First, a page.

Author2Author: Andrew Winston & Adam Langer, pt. 1

by Ron Hogan

How does an Author2Author conversation come together? Sometimes it's a matter of pairing writers by their chosen genres. Sometimes it's because they share a publisher as well as certain thematic concerns, making it that much easier to align their schedules. This week, the unifying factor is location, location, location. Andrew Winston's Looped and Adam Langer's Crossing California both take place in Chicago, though they're set decades apart. The conversation begins with the earlier of the two settings, as we temporarily jump twenty-five years into the past...

winston.jpgAndrew Winston: I am curious about your choice to set Crossing California in 1979-1980. What did the setting allow you to do that you could not have done setting the book in contemporary Chicago? Did you feel constrained by it in any way? Was it important to have access to elements of your own youth? What was most compelling about that material? (Please tell me that-- la Larry Rovner's Rovner!--you once formed a band called Langer!)

langer.jpgAdam Langer: Aside from having read Looped, I don't recall all that much about your background, so I don't know if you're a lifelong Chicagoan, older than me, younger than me, or about the same age, so it's hard to say how our experiences of Chicago might differ. But, to me, the most interesting period in contemporary Chicago history is the period between the Daleys--after Richard J. died and before Richard M. took over--the period that I treat in both Crossing California and my forthcoming book The Washington Years.

Aside from being the time in which I came of age, it was a time of great political upheaval and unpredictability when, as a teenager, I was actually fascinated to read about local politics. There were great villains and heroes: "Fast Eddie" Vrdolyak, "Calamity Jane" Byrne, and, of course, the late, great mayor Harold Washington. I spent my summers in high school and college working for local papers and radio stations, where I would learn of the so-called "Council Wars" on a daily basis--researching Harold Washington for Chicago magazine, writing about gangbangers for the neighborhood Lerner newspapers, rewriting wire copy for WXRT News and WBBM Newsradio 78. Although I don't live in Chicago anymore, I do still read the Tribune, the Sun-Times, and the Reader online, and nothing seems to come close to that heady experience.

What interests me about the period of 1979 to 1981, when Crossing California is set is that as it represented a time of transition in Chicago, it was also a time of transition in the country, the fast move from the Carter '70s to the Reagan '80s. And, of course, that shift does have certain resonances with the present day. I find it fascinating how national crisis always seems to bring America together then split it apart. I remember a sense of unity during the Iranian hostage crisis--yellow ribbons around the trees of West Rogers Park, everyone gathering to watch Ted Koppel and Nightline--followed unfortunately by a period of greed, solipsism, and xenophobia. Sounds familiar.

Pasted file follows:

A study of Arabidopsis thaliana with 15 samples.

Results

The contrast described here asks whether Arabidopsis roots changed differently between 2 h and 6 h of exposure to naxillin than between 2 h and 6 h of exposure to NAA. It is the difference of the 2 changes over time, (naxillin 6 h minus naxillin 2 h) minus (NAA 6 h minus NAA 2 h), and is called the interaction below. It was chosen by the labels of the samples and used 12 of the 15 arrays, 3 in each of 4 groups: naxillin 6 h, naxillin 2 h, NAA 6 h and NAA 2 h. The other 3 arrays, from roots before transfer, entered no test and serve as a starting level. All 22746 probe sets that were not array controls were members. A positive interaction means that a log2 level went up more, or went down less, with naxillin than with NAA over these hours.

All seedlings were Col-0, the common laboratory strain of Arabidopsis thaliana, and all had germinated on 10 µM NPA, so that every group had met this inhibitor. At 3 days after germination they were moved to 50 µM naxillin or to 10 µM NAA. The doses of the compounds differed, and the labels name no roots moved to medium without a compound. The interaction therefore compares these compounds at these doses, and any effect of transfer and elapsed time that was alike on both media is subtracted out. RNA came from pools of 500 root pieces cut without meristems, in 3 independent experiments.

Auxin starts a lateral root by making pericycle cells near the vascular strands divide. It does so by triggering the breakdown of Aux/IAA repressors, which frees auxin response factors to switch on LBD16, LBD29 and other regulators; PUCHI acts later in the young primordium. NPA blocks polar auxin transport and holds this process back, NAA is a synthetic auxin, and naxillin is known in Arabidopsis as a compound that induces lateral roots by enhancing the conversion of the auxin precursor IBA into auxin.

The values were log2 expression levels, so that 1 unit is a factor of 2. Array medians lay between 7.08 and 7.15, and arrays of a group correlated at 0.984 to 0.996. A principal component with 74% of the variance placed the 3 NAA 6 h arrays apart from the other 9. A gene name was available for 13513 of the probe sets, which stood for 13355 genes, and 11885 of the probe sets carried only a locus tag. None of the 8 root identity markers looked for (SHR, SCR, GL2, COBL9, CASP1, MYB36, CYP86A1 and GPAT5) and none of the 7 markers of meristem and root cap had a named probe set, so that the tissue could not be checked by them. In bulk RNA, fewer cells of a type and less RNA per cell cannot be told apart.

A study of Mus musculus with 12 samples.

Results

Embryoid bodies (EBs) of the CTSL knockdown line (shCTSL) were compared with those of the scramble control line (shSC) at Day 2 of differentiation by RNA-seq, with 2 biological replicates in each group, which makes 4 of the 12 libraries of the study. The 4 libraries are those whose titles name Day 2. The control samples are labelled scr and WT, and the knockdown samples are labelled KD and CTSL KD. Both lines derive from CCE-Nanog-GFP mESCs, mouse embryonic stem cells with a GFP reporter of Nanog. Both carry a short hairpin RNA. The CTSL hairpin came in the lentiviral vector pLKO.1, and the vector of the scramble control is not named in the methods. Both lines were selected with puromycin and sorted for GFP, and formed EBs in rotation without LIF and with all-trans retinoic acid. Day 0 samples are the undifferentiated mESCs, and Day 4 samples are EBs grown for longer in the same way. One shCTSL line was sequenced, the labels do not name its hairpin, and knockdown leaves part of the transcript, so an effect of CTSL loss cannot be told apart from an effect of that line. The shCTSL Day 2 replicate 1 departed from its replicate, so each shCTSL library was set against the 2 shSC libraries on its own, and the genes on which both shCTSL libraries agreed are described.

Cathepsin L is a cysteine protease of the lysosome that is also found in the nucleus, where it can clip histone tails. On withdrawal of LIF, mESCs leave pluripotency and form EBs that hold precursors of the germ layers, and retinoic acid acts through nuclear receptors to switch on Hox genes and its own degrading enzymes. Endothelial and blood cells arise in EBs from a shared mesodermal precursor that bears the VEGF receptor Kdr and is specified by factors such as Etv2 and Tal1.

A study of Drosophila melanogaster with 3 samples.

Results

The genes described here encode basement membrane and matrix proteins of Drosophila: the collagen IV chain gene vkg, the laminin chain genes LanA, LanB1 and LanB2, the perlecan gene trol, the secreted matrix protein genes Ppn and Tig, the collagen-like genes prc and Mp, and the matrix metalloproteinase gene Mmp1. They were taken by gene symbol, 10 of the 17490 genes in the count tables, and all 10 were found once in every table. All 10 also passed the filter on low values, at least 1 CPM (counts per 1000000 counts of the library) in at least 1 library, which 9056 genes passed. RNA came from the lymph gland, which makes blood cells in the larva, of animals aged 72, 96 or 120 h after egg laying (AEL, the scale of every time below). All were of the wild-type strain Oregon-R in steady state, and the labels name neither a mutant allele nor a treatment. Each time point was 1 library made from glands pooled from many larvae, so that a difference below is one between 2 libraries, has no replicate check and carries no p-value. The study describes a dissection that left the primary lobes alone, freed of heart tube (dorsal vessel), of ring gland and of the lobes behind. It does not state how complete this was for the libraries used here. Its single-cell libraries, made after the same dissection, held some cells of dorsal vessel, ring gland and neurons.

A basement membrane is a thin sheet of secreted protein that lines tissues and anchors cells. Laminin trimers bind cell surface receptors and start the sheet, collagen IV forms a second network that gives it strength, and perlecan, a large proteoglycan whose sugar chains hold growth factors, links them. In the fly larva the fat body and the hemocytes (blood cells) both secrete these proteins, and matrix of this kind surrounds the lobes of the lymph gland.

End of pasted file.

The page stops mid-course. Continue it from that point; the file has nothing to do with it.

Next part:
That said, I have to confess to a certain lack of intentionality in terms of how Crossing California came to be. I know there are many writers who choose to write about a particular historical period in order to comment on the present day; Arthur Miller's The Crucible comes to mind. Also, when I was recently in Chicago to do a reading I caught a matinee of a play at Steppenwolf called Lost Land which commented on contemporary geopolitical conflict through the prism of early 20th-century Hungary. My style of writing is, for better or worse, much more serendipitous or seat-of-the-pants (kind of like this response I'm writing). I tend not to outline when I write, and I only knew Crossing California was set in Chicago when I typed the words "California Avenue," only knew what period about which I was writing when I typed the words "It was 1979." Which sounds like hocus-pocus when I think about it, but that's pretty much how it happened; when I outline, I lose interest, but when I don't know what's happening next, I keep writing to find out. So however many parallels I find between the lives of the characters in 1979 and our lives here in 2005, their existence is either coincidental or subconscious. I found the tight structure of the 444 days of the Iranian hostage crisis more liberating than constraining actually.

And I do have to say that it certainly was convenient for the young characters' ages to correspond to my own, for their experiences to mirror some of my own experiences--defending the Ayatollah before a nonplussed audience of 7th graders, delivering a purportedly erudite speech at a bar mitzvah, performing on kids' shows on NPR, crossing California Avenue every day to get to and from school. I regret to say, however, that I never did perform in a band called Langer! or anything else. I have written a bunch of crappy songs that I've never shared with anyone except my dog and, though I toyed with the idea of recording a demo to go along with the book, I chickened out and decided that the book should stand on its own.